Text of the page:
The Heart of Discipline

Having watched a recent TV programme, that showed ‘a day in the life of an army recruit,’ I was intrigued by the lengths some officers in authority would go to humiliate their colleagues, all in the name of ‘discipline.’ In defence, one might say that ‘this is what it takes to be a soldier’ and ‘they knew what they were getting into.’ Perhaps this kind of ‘discipline’ may have its advantages when going to war, but by and large it seemed overly rash and psychologically manipulative. 

Attitudes to school discipline have changed over the last fifty years. Gone are the days of corporal punishment when discipline was instilled from the top down in a harsh environment of ‘do as I say.’

Today, the ‘pastoral care’ of pupils and ‘student discipline’ are somewhat woven together. We have come to acknowledge that good relationships are the best way to form the basis of good discipline with more care being taken to assess students’ needs. From this standpoint, we can promote and discuss personal discipline (respect for oneself) my rights and responsibilities (my place in the world) and my hopes (the person I want to be in the future).

A good pastoral team can
provide resources and support, liaising with teachers in developing a more holistic approach to this view of discipline and welfare, all within a nurturing and supportive setting.

Practically speaking, the secret of this approach - is to show that a teacher is there to help and is on the side of the pupil. When this is apparent to the pupil, a new dynamic exists in the teacher/pupil relationship, resulting in better communication on a rational and mature level. This leads to expectations being properly heard and anticipated.

Instead of some form of punishment being meted out in situations of bad classroom behaviour or where homework wasn’t completed, the dialogue can hinge around how agreed expectations weren't being met and of how one party was being ‘let down.’

This is a key human emotion and one that is central to all relationships requiring trust. By facing issues in a positive way with a focus on a quality relational approach, students as well as teachers can learn more about themselves and continue to grow in their human development. 

 Talk to students long after they have left school and one of the most common memories of a class-teacher is whether or not they were ‘fair.’ We become more aware of issues of justice and respect in later years and with gathered life experience. Yet, we understand and have a developing sense of justice during our school going years. With hind-sight, we can see who had our best interests at heart, even though we may not have realized it at the time.

‘Respecting students’ translates into walking with them in their journey, knowing as best you can ‘where they are at,’ and being aware of small opportunities to show you care.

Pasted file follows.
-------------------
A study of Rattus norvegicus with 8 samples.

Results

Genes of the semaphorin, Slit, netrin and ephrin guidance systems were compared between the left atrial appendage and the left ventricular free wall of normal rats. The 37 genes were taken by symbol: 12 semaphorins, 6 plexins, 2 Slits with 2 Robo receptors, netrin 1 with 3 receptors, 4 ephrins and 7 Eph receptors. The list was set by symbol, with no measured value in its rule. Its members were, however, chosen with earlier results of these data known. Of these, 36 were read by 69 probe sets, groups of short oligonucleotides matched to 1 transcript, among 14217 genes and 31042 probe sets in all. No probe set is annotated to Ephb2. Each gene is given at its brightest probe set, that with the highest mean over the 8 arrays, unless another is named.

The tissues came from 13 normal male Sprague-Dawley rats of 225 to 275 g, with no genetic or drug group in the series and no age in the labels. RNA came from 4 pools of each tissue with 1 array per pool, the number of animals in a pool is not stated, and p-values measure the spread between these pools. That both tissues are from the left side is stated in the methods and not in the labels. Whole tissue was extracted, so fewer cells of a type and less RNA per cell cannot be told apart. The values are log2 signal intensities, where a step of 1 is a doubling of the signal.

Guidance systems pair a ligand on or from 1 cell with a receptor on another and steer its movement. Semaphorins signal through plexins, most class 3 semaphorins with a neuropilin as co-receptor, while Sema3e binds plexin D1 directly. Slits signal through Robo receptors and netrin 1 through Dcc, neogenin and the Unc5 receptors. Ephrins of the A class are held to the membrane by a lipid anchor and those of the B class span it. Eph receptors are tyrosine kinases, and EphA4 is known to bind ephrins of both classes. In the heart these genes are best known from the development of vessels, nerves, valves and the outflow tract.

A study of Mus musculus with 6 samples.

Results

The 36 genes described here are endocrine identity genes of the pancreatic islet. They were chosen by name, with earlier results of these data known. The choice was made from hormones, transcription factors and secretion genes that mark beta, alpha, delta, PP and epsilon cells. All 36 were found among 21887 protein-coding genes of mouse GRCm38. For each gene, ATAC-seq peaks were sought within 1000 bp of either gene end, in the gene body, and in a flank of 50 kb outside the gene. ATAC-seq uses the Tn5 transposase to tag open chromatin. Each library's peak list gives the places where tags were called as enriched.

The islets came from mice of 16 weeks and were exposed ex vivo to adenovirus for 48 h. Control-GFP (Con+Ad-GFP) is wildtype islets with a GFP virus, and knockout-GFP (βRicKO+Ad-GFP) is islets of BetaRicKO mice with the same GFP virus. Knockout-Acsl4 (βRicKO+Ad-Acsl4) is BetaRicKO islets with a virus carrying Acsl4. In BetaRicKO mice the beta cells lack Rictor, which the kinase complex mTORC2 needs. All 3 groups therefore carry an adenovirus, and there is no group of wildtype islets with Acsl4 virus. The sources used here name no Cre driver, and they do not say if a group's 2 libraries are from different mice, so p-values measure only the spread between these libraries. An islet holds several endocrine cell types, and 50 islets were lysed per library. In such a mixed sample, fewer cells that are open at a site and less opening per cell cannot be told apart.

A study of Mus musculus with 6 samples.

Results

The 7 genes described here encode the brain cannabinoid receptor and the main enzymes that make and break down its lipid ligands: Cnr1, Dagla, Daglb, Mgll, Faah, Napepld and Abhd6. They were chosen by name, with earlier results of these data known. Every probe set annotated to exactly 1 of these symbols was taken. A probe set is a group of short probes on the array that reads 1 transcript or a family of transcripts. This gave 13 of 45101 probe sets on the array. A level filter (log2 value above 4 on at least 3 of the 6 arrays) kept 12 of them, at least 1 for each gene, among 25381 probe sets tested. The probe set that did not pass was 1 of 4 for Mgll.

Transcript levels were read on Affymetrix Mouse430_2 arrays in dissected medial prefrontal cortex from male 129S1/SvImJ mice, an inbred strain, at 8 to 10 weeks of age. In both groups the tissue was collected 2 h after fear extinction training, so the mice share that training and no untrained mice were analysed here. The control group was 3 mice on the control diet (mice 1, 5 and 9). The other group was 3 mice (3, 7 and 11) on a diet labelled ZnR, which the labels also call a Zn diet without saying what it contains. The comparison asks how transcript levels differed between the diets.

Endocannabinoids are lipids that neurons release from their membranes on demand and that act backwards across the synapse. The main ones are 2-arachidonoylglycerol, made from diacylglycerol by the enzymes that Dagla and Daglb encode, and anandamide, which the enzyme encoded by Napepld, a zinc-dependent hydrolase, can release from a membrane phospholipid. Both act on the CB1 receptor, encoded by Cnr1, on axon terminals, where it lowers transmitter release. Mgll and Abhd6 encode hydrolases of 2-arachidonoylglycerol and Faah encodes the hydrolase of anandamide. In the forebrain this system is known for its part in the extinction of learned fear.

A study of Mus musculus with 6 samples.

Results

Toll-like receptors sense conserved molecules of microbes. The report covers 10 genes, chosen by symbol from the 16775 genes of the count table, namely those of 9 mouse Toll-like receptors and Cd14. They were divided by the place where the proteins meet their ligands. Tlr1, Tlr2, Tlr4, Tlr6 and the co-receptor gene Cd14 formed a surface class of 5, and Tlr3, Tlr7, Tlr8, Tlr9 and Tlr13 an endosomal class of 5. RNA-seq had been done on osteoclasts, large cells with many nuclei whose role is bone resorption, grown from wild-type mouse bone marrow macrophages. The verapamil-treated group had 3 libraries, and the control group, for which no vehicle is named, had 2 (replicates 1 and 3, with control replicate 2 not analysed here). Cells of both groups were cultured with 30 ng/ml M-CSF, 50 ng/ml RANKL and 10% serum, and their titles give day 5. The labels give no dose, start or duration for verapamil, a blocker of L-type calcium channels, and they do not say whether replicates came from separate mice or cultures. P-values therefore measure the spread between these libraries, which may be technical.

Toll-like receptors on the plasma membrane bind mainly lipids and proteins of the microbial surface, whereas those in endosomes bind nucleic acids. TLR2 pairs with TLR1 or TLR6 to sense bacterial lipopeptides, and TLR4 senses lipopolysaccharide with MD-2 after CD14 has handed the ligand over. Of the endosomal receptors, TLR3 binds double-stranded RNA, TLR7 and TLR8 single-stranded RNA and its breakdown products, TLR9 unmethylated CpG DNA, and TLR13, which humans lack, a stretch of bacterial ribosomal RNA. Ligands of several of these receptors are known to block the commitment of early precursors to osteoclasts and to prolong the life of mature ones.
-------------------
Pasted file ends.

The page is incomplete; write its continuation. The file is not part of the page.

Trying to break down barriers that may exist in the mind of the student towards the school regime is never easy.  For the teacher, this can be an ongoing struggle requiring endless patience, especially when one or two characters can drain your energy as you try every way possible to make an impact. 

Asserting authority does not have to mean that a teacher must come across as being stern and unapproachable. The old adage ‘Don’t smile ’til Christmas time,’ had merit in so far as pupils took you seriously and were well aware of who set the boundaries. But to what degree might a false self be presented here? There are times when we feel we have to ‘act’ the part, ‘putting on’ the stern face or the deep-toned voice. That may have a place in dealing with a group, but it can also confuse students who have to interpret what they see and hear. Their conclusion in this kind of scenario is often the genesis of poor relating and teachers find it hard to ‘buy back’ their true selves in the eyes of a questioning student. 

A better way to lead with authority is to set aside some time to ‘create’ classroom rules together. In the course of that class think-tank, explain the rationale behind why we cannot interrupt a teacher or why we can’t demean a fellow pupil. Very often, and with a little prompting to help the group consider certain aspects of school life, the very essence of the rules we wished to issue in the first place will arise from the class conversation.

When the pupils themselves are the authors, and everyone is satisfied, then we all sign up to the ‘agreement.’ The newly created "Terms of Agreement’ can be placed in bold lettering at a central point in the classroom to be viewed anytime and referred to as required. Any breach of the agreement and we have spoiled it, not just for the teacher, but for everyone, even ourselves.
 

 A deeper underlying educational value of such an approach is to raise student awareness around ‘rights’ and ‘responsibilities’ that must be considered when living with other people.

As we know, it is not only in schools but in families, communities, institutions, the workplace and world political-life that we need leaders who understand the strengths of negotiating and compromising if we are to build a more peaceful and caring world.

Surely any experience guiding or enlightening our future leaders as to how this can be achieved must be at the heart of what education is all about.